Catholics celebrate Respect Life Sunday

When Virginia “Ginny” Dauses arrived at St. Mary’s High School in Annapolis several years ago as campus minister, 15 of the school’s young people attended the annual March for Life in Washington.

In January, St. Mary’s sent four busses representing half its student population.

The huge turnout is just one example of how Dauses’ effort to lift up the culture of life is bearing fruit in Annapolis. She has also established a pro-life club, encouraged participation in the “40 Days for Life” prayer campaign and initiated a “life week” at the school that educates students on issues related to abortion, embryonic stem cell research, marriage, euthanasia and more.

In recognition of Dauses’ service, Cardinal William H. Keeler presented her with the archdiocesan “Culture of Life Medal of Honor” during the Oct. 4 Respect Life Mass at the Cathedral of Mary Our Queen in Homeland.

“Speaking the truth at all times is so important to me because it’s the foundation of our faith and something that I think the youth just love,” Dauses told The Catholic Review. “They are constantly trying to seek Christ. They are completely open to the pro-life message – they recognize authenticity.”

In connection with Respect Life Sunday, several “life chains” were held throughout the archdiocese – providing participants a chance to pray peacefully for an end of abortion. Many parishes also included special prayers in support of life during their weekend liturgies.

Several dozen young people from the Institute of Notre Dame in Baltimore; Mount de Sales Academy in Catonsville, Mount St. Joseph High School in Irvington, Calvert Hall College High School in Towson, St. Mary’s High School and Archbishop Spalding High School in Severn attended the Respect Life Mass along with hundreds of other Catholics from throughout the region.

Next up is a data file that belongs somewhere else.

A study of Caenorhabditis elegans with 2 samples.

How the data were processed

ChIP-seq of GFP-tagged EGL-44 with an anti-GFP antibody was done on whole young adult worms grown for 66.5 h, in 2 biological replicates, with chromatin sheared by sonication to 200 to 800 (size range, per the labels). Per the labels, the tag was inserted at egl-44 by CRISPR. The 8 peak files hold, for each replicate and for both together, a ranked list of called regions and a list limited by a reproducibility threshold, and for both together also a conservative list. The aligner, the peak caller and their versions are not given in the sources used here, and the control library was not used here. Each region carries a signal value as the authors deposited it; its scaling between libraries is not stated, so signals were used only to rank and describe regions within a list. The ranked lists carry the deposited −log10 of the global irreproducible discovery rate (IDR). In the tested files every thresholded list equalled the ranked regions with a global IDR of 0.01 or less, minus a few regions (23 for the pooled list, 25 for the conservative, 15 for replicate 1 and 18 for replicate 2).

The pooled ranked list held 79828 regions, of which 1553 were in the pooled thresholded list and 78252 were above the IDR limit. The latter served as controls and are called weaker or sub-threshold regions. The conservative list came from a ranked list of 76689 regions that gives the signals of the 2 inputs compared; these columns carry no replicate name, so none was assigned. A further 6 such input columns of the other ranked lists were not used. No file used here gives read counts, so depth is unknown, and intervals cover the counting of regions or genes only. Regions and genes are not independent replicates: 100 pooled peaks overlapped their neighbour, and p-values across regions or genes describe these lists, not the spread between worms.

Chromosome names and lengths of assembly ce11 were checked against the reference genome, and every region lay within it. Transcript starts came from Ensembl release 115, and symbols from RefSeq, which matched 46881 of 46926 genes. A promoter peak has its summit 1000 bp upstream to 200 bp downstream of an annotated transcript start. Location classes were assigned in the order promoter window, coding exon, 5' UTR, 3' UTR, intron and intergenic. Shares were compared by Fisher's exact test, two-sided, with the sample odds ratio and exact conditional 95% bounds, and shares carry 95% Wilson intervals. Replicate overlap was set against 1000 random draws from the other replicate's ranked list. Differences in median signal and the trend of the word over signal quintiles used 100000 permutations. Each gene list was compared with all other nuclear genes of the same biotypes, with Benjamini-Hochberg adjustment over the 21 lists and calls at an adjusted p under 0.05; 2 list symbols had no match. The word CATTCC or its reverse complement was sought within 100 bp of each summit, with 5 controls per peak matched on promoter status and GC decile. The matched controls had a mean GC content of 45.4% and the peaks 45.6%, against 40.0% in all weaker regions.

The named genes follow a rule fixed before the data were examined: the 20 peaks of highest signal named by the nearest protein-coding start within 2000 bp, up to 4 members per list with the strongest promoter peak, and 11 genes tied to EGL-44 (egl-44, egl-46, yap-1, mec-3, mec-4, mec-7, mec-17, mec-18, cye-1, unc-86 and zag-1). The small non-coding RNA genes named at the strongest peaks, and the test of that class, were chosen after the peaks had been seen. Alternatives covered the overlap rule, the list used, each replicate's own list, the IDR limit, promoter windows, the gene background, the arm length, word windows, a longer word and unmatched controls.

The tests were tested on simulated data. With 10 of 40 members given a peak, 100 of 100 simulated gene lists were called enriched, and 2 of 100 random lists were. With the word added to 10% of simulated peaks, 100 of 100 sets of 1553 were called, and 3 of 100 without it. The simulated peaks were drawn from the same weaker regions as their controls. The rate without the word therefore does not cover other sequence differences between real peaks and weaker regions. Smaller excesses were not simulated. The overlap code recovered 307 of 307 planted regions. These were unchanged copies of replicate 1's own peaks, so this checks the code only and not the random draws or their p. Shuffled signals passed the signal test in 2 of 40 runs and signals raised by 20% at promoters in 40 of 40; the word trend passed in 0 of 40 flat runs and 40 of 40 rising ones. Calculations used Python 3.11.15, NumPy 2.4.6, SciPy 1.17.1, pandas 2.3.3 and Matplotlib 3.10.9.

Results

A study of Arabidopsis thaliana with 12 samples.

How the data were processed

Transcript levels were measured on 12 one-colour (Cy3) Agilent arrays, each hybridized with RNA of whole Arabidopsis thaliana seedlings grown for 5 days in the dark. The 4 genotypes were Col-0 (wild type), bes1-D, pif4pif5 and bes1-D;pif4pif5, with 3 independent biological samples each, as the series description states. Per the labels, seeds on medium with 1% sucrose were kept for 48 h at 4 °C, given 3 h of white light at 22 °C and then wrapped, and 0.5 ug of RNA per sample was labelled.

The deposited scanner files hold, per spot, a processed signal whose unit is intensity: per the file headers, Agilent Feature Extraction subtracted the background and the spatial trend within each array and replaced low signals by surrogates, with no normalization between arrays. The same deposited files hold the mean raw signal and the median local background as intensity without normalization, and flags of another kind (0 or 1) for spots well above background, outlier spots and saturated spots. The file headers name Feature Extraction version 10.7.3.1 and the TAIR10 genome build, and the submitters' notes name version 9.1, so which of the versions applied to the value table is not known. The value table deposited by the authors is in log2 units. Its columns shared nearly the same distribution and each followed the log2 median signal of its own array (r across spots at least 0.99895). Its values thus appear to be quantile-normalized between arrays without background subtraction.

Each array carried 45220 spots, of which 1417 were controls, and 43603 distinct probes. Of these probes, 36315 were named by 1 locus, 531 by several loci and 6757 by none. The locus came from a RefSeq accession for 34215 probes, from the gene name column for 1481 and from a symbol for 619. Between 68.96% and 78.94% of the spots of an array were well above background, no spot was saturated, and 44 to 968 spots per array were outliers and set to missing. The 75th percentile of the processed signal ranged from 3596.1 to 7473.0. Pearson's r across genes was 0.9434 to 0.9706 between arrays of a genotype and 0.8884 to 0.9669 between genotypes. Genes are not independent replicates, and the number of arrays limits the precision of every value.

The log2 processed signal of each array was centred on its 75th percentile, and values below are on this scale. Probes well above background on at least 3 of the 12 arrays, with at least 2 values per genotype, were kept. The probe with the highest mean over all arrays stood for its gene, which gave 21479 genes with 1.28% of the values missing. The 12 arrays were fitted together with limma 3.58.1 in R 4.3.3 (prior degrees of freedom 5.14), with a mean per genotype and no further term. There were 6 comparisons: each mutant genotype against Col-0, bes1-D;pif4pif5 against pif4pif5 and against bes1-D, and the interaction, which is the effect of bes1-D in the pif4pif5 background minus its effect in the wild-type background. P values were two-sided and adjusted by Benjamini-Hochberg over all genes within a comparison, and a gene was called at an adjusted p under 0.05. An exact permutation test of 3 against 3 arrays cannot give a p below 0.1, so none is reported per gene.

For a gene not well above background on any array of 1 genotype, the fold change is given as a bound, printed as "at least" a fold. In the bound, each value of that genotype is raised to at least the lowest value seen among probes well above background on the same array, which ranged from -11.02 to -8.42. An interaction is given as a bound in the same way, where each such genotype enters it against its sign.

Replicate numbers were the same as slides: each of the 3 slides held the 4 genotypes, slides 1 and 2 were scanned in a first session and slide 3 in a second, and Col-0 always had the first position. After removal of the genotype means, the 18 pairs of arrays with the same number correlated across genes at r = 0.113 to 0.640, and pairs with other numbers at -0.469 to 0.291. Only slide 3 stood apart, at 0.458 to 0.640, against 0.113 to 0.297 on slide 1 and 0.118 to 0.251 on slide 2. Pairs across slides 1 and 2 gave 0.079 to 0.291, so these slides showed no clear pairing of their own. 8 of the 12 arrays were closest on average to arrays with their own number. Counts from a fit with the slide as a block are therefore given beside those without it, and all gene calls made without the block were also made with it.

Briah Lynch, a 17-year-old senior at IND, is active in the 25-member Respect Life Club at her school. She said it’s important to educate young people about abortion.

“We need to get the word out to teenagers that there are other options out there,” she said.

Colleen Strauch, also a 17-year-old senior at IND and club member, agreed. She is encouraged by recent polls that show a majority of Americans classify themselves as “pro-life.”

“I see more people standing up for their views,” Colleen said.

Pamphlets distributed to Mass-goers noted that in Maryland taxpayers annually spend $2.3 million for state-funded abortions and that more than 75 percent of abortions are from women who have had them before.

In his homily, Monsignor Robert Jaskot said life is under attack “from every angle,” whether through abortion, embryonic stem-cell research, euthanasia, assisted suicide and assaults on marriage.

Monsignor Jaskot noted that only one in 500 marriages ends in divorce when couples pray and read Scriptures together.

“Our culture seeks to manipulate and control God’s design,” he said. “Authentic happiness is found in those who follow God’s design.”

Catholic Review

The Catholic Review is the official publication of the Archdiocese of Baltimore.